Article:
Lucia Lucas made theatre history on Saturday 5 October 2019, as the first openly transgender singer to perform with the English National Opera.
AussieTheatre.com’s Peter J Snee caught up with her to find out more.
Lucia grew up in Sacramento, California where she studied horn and voice at California State University. She went on to undertake graduate work at the Chicago College of Performing Arts before moving to Germany in 2009 to pursue her career as a professional opera performer.
In 2013 Lucia felt the time was right to transition and recalls her experience.
“I knew in 2013 that I was coming out and it was happening soon; it was early May in 2014 when I actually publicly came out and began that adventure socially.
Social transition is where you talk with the people around you, your friends and family and say, “hey this is who I am. I want you to know who I am – these are the things about me that you didn’t know before, here are my pronouns and my preferred name.”
We were half way through the 2013/14 season when I came out and I had 3 or 4 shows in that week, so I really didn’t think about it. Those shows had already been built, so any weirdness that could have been with the director didn’t happen because they didn’t know when we were building the show. I just went to work and did the work on stage that I had always done. I didn’t change any movements, didn’t change any costumes, didn’t change any make-up; everything was exactly the same as it was the week before I came out. In doing that and realising that it wasn’t so stressful or mentally taxing, I just sort of decided oh, ok, this can work. The next level was wondering how directors were going to interact with me and if the job was still going to be as easy in the future.
My initial goal was to see if I could have a career and be myself at the same time; I did that. Then I wanted to work out what I wanted from my life; I wanted to see if I could be out in my career for longer than I wasn’t, then I would consider that to be a success. I did that.
So now everything else is a bonus, I’m just happy, I’m happy at how much I’ve done. Hopefully I’ll just keep going and going.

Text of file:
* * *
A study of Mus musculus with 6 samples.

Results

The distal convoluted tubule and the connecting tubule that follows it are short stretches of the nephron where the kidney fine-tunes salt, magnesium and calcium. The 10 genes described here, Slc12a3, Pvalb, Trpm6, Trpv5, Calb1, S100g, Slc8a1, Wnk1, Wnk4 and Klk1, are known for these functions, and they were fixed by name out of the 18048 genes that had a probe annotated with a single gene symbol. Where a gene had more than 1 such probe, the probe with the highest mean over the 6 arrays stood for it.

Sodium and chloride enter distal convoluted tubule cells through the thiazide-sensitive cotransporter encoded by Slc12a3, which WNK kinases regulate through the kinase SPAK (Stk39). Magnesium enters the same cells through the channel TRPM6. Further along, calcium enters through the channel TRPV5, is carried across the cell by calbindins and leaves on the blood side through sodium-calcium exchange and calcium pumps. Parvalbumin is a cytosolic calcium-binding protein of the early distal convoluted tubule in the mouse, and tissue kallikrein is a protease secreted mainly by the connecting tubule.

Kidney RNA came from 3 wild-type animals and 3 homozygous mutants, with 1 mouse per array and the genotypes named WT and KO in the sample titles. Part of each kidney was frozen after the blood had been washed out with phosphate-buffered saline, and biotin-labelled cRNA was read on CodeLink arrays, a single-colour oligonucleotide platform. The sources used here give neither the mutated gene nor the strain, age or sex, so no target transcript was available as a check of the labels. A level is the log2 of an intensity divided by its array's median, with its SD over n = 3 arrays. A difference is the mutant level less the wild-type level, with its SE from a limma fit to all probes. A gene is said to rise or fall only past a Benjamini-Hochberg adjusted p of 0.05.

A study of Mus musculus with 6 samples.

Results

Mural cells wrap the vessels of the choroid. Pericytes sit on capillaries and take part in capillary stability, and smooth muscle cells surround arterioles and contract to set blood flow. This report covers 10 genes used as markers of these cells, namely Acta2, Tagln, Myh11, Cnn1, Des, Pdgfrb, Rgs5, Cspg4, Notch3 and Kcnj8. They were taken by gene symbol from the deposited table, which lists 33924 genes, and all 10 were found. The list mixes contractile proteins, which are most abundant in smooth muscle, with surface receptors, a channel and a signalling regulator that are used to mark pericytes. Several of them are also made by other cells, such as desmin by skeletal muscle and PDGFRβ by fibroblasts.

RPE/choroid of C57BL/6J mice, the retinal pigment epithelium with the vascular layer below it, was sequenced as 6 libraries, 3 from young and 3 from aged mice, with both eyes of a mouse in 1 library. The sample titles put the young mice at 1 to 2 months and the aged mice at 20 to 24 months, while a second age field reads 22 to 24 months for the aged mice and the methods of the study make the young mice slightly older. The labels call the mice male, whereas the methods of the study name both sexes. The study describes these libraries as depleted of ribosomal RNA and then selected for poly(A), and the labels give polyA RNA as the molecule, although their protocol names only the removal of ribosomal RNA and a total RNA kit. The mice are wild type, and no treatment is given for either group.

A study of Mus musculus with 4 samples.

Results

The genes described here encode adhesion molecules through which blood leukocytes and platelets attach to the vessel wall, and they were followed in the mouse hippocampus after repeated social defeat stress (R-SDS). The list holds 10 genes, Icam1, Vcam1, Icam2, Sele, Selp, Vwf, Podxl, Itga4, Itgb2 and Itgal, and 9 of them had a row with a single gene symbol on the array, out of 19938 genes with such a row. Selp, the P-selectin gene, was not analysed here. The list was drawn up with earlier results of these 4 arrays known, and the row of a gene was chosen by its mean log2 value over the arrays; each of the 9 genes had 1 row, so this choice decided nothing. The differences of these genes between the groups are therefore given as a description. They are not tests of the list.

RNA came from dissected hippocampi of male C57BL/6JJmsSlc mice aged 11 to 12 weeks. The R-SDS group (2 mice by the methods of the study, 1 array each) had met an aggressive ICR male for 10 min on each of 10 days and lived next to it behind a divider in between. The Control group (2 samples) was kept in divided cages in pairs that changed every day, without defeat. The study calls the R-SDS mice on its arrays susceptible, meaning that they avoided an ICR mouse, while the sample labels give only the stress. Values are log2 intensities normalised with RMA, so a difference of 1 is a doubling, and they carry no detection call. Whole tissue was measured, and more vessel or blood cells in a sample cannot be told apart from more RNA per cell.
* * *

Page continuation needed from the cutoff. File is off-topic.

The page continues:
Had I transitioned before I was 12, I never would have been a performer. Doing music and being a performer was basically a sense of community for me.
When I was in Sacramento, I did the [orientation] tour in my undergrad for computer science, computer engineering and music. When I did the tour for computer science and computer engineering we were going down empty halls and we would peek into computer labs, there was one person there typing who would look up as if to say, “who are you?!” and then they’d go back to typing; it was a very cold atmosphere. When we went to the music building, there were people sitting, around basically in a drum circle, eating their lunch. It was like instinctive community and do you want instinct community, well yes, yes I do. Had I been able to really deal with my own self earlier, I probably wouldn’t have needed to go into music.
My whole theory is be who you needed when you were younger. It’s not something I made up, but I heard it and thought YES! Find out who you could have used and be that person for others.
The initial reaction from my colleagues was pretty good and then we went on vacation. People obviously had more time to consider the situation and when we returned, some people were more supportive and some people were less so. When I first came out, I had friends that thought my career was over, people asked where I was going to go and what I was going to do next.
But there is a certain amount of negative energy that I do feed on, not in a bad way, but when somebody says I can’t do something I just think; we’ll see!
I think it’s great if anybody from any sort of minority group gets the opportunity to do something that nobody has done before, because there is a reason that somebody didn’t let them do it before. It’s not important to me that I was the first, I just hope that people in the future have an easier time than I had and there are less questions. There are lots of performers in London and already lots of trans performers, but this is the first time a trans person has been cast in a major opera company with a full season. I think it is important to celebrate firsts, if somebody is doing something from a minority it is important for the future. Hopefully it will wear down the edges and the silly arguments for not including people.”
And when the conversation moved to what’s next. . .
“I love the fact that this conversation is starting and if I can help make this easier for future trans performers I would love that. I would also be interested in speaking publicly about inclusivity in the arts.
I want to continue performing at world class level, so I am going to continue training, going to my teachers and coaches.
I recently performed on camera in a short opera that is available online, HGO Star-cross’d and recorded a documentary that is due out next year. I would like to do film at some point too when the time is right.”
And the question on everybody’s lips, will we see you in Australia any time soon?
“I don’t have any immediate plans to perform in Australia sadly. My mum has wanted to go forever, so she just went this summer, but I couldn’t go because I was too busy. I have a lot of Australian colleagues in Germany and I find the people very friendly so I would love to visit. I also love architecture and would absolutely love to see the [Sydney] Opera House for the architectural digest.”
To hear more about what Lucia is up to, visit her website www.lucialucas.de.